For the first time last year, the country’s capital, Ouagadougou, was included in the SMC programme. The case of Ouagadougou provides valuable insights into how rapidly changing urban environments impact on the delivery of SMC interventions and how we can respond to these challenges. Here’s what we learned from our experience there.

It’s all about numbers

Ouagadougou has experienced rapid urbanisation in recent years, distinguishing it from other cities in Burkina Faso. Most significantly, it has a higher population – much higher, even, than our data initially suggested. Informal new neighbourhoods are constantly cropping up but with fewer children per household. This translates into a covering a larger number of households to reach the same number of children as would have been reached in a rural setting – a formidable challenge for SMC distribution.

Connecting with urban communities

Effective SMC delivery relies on the training and accurate placement of community distributors, who administer treatment door-to-door. Community distributors are not only instrumental in conveying the importance of SMC, but they also teach caregivers to administer follow-up doses over the coming two days, thereby ensuring successful protection from malaria for their children. In the process, communities get to know their CDs, which has been essential in building trust.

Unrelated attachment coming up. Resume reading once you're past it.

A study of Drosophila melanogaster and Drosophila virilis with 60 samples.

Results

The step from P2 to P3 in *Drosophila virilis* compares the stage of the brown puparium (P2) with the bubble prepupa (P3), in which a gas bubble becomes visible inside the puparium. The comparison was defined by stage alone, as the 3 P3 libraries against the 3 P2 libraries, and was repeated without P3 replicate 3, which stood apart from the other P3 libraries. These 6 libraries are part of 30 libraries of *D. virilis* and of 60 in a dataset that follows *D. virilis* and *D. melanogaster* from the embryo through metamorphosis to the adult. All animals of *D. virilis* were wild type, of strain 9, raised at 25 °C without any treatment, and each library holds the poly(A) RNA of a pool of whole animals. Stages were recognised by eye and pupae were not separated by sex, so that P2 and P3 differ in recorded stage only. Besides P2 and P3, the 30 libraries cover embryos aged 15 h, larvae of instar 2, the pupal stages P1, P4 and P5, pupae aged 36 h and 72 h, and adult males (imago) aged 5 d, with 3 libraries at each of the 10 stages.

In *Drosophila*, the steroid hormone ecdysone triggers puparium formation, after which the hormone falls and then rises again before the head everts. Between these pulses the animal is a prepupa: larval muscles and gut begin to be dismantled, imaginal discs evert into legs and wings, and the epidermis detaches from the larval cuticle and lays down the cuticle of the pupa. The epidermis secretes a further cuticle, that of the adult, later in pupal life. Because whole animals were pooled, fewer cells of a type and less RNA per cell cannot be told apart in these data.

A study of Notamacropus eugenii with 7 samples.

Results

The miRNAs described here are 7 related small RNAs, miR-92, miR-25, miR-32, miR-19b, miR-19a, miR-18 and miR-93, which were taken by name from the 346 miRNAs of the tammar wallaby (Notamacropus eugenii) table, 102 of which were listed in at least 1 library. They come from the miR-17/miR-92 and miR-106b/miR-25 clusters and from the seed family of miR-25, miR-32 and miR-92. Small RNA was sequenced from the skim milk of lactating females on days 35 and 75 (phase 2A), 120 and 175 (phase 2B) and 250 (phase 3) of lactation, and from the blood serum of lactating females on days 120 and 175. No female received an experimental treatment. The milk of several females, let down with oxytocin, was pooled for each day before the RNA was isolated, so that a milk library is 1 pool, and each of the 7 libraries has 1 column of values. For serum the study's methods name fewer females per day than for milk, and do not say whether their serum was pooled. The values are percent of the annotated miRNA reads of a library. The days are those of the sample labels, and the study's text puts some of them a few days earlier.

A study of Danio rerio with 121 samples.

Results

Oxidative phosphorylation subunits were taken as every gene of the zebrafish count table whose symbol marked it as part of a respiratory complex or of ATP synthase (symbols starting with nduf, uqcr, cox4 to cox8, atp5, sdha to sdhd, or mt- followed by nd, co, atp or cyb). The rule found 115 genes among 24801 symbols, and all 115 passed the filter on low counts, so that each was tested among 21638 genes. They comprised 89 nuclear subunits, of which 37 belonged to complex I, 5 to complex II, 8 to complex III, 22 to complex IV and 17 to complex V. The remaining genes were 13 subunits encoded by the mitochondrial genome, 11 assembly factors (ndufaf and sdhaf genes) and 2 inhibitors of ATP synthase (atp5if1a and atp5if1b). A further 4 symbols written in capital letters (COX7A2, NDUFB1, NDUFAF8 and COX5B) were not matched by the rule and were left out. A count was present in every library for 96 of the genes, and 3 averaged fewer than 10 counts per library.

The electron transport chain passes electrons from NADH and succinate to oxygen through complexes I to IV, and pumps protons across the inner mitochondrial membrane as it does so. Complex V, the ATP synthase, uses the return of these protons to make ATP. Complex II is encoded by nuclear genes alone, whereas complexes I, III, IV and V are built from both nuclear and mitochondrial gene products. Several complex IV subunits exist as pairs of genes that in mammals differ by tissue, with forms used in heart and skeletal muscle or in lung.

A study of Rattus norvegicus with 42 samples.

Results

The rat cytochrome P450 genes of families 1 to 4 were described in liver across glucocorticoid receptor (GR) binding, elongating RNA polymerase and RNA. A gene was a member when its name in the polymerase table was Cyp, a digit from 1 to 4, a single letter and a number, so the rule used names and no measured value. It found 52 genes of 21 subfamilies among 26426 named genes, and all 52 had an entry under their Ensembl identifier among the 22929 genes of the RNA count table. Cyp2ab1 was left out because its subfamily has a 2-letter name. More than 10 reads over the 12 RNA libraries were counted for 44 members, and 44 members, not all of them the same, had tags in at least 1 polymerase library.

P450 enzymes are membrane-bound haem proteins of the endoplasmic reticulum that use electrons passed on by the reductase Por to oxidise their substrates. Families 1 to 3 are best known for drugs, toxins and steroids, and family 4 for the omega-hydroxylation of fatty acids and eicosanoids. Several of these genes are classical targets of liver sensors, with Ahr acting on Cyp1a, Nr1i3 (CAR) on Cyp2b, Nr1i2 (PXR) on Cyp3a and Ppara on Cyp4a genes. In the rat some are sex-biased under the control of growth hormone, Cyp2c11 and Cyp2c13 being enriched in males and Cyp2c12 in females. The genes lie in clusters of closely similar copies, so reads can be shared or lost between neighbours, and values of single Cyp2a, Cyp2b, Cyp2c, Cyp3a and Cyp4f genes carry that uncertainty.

An added impact of urbanisation in Ouagadougou has been a change in the levels of cohesion within communities compared with rural areas: community distributors are less familiar with the neighbourhoods they operate in and, consequently, households are less open to connecting with and learning from community distributors.

Quantity and quality

We realised that two key adaptations were vital in responding to distribution challenges resulting from urbanisation in Ouagadougou.

First, we increased the numbers of CDs, which helped us to reach all eligible children. Previously, CDs also had to make repeat visits to households where children were being looked after by caregivers who were unable to consent to treatment. Recruiting additional distributors helped reduce the burden in this regard.

Second, we changed the way we engaged communities. In rural areas, word of mouth information-sharing strategies, such as the use of town criers, have proved successful. But in urban settings, households consume information differently: they are more likely to obtain information from news outlets and social media channels. We utilised these platforms to convey the importance of SMC and ongoing treatment, and the necessity of consent. This helped households to understand the value of treatment and made them more open to distributors administering SMC.

Future improvements

Moving forward, we need to improve the training and supervision of CDs in urban areas. With more focused training sessions carried out in smaller groups and emphasising the practical aspects of SMC, we will be able to enhance the overall quality of training and, ultimately, of SMC administration.

These insights provide a brief overview of the many lessons learnt from Ouagadougou. Download the full learning brief for a closer look at the programme and our full list of recommendations for implementers in urban areas, policy makers and decision makers.

Sam Rothbart is Senior Publications Officer at Malaria Consortium.